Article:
The Two Most Perfect Things
Half narrative and half showcase of as many Coward/Novello melodies as possible, even a gentle puff of scepticism towards this “celebration” of the two entertainers dissipates the airy premise holding the show together like so much fizz in a champagne flute.
While some songs suited the story marvellously, (“Mad About The Boy” soundtracked Novello’s admirers and “London Pride” was a predictably stirring way into the war years), many bore only tenuous relevance or were altogether arbitrary.
The 13-song “concert” after the narrative ends is an example of enthusiasm for the source material leading to a something which actually makes the show weaker – so many songs back-to-back was an untimely reminder that a lot of Coward and Novello’s work is a little bit one-note.
That said, any reservations about the premise and the writing are moderated by the performers, who are consistently charming. Stuart Barham, pianist and narrator, has a wonderful, expressive storytelling voice and, clad in green velvet, suits the scene impeccably. The wholesome and handsome Darren Bennett brings the relatively obscure Novello to impressive life. Of the two chameleonic women, leaping ably from mother to lover to passer-by, from Cockney to Welsh to American, Nova Skipp pips her partner Margaret Preece slightly, but across their many characters the two maintain an impressive rapport.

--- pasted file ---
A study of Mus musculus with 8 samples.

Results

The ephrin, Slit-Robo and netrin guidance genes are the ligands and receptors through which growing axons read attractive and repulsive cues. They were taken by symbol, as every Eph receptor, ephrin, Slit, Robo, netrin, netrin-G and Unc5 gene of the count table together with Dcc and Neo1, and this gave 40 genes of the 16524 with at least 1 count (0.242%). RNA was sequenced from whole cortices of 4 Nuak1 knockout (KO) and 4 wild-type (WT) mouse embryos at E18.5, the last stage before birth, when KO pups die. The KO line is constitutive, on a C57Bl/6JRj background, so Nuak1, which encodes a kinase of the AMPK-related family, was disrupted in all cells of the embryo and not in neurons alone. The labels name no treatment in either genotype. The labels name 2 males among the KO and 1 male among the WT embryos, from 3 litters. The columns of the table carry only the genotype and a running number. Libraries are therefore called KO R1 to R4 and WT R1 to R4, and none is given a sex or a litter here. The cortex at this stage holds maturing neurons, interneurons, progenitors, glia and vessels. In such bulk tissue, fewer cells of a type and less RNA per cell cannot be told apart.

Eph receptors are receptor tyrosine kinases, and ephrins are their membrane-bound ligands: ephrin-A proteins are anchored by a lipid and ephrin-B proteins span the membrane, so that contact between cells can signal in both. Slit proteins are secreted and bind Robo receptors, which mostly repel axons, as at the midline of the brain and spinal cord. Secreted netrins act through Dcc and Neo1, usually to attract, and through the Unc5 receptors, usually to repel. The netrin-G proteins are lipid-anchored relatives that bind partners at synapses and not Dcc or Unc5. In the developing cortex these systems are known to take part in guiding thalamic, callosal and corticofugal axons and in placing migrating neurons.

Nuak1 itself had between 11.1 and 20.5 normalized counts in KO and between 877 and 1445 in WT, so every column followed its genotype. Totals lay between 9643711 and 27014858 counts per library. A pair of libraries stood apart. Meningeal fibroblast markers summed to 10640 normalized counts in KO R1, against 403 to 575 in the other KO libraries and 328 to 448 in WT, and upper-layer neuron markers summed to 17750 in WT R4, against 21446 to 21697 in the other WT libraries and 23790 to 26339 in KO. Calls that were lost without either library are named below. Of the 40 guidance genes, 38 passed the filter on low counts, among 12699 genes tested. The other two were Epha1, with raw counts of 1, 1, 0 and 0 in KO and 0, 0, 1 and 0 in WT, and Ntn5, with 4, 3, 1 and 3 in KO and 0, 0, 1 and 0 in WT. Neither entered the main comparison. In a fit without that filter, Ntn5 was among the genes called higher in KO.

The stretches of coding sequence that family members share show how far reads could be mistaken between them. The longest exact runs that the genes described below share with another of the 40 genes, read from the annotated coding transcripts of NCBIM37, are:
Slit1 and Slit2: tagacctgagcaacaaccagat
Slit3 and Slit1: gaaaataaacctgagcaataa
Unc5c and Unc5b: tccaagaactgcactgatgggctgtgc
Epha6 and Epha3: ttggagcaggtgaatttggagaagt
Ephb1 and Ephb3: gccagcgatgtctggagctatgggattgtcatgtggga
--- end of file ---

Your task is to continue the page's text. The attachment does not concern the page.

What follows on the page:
A little more darkness in the narrative wouldn’t have gone amiss – we are informed very early that Noel is a cruel man, but very little comes of this observation. While the two men’s highs were emphasised wholeheartedly, lows were hurried over, which left the emotion of the more bittersweet numbers feeling somewhat unearned.
At its premiere the show had a run-time of 70 minutes and has since expanded – from last night’s performance I get the impression that a shorter performance would probably suit the stories of these light entertainers rather better. The shorter version is headed to the Fringe this year, and I imagine 50 minutes will cut out much of the dead weight and leave a fittingly swift and bright show behind.